I do not want to talk about the ‘beautiful and unique’ culture Africa holds, with the strong connection that its people hold with nature, and their respect towards their customs and nature, no matter how much the author succeeds in conveying them to its readers. Or how some of the proverbs, sayings and stories laid out throughout the book are so full of wisdom. Or even how sad or heartbreaking it is to see the gradual fall of this Ibo village in Nigeria, with the arrival of the ‘White people’ and Christianity.
What stayed with me the most after reading this novel is first, how easy and simple Chinua Achebe tells the story. If you expect any bloodshed, atrocities, and cringing descriptions of how the white people took over Umofia, then you would be disappointed. I guess that’s the whole point of the novel, how ‘things fall apart’. When things do fall apart, you don’t see any major incident that will mark that ‘falling apart’ forever. You can’t really pinpoint an exact moment when things started to go wrong. Instead, it’s gradual, silent, and when you realize what’s happening, it’s usually too late. Or even if you do realize it soon enough, there’s nothing you can do.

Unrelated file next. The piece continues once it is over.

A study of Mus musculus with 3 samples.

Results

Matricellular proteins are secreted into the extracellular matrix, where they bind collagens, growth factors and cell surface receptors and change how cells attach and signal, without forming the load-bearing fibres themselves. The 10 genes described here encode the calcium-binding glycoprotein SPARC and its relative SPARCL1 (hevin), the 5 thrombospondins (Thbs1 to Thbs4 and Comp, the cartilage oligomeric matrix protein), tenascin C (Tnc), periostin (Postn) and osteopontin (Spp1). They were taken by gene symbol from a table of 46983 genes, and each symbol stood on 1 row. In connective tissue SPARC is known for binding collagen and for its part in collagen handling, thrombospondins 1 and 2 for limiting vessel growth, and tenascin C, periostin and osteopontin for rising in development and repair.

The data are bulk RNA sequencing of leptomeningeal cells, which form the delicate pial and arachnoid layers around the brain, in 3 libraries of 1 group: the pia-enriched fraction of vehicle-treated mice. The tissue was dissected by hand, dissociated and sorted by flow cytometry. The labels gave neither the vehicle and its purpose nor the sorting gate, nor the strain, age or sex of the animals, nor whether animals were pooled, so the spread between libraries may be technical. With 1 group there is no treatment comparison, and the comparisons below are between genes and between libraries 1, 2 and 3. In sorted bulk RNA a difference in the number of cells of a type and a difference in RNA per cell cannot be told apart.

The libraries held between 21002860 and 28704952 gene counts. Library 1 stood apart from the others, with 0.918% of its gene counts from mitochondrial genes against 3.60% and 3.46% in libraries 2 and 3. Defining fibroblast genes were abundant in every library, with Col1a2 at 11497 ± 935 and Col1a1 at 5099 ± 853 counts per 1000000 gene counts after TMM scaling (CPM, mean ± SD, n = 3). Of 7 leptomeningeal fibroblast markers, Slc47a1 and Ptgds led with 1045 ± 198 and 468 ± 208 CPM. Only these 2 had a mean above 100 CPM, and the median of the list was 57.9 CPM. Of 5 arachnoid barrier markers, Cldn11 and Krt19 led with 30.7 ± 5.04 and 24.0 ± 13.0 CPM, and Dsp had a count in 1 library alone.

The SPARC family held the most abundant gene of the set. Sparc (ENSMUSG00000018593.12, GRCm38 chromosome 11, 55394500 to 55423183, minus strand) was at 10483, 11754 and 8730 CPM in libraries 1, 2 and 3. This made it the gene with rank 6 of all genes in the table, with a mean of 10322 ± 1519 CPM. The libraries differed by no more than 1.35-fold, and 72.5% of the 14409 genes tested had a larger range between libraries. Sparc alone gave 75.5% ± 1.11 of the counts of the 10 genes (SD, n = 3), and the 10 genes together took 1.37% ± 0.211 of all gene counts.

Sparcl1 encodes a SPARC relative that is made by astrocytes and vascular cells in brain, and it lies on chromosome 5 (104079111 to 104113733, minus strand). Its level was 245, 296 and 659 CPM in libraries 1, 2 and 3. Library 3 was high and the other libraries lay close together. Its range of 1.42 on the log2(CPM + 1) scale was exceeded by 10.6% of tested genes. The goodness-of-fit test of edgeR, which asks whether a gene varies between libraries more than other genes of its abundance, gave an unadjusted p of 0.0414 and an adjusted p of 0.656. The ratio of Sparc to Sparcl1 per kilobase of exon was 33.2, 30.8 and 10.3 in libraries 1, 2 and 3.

The novel, which starts with the powerful and vibrant description of Okwonko as the pride of Umofia, is in stark contrast with the ending, where everything that he and his people held dear is translated into the humiliating and abasing title of the book the white commissioner will write for his fellow white people.
The book starts at the peak of Okwonko’s life and slowly makes its way down, but so subtly and quietly the readers don’t realize it until the very end. It starts with the fall of an individual, but extends to the fall of a family, a village, a tribe, and a people, until finally, it all comes back to the individual again, who faces a despicable ending in more ways than one.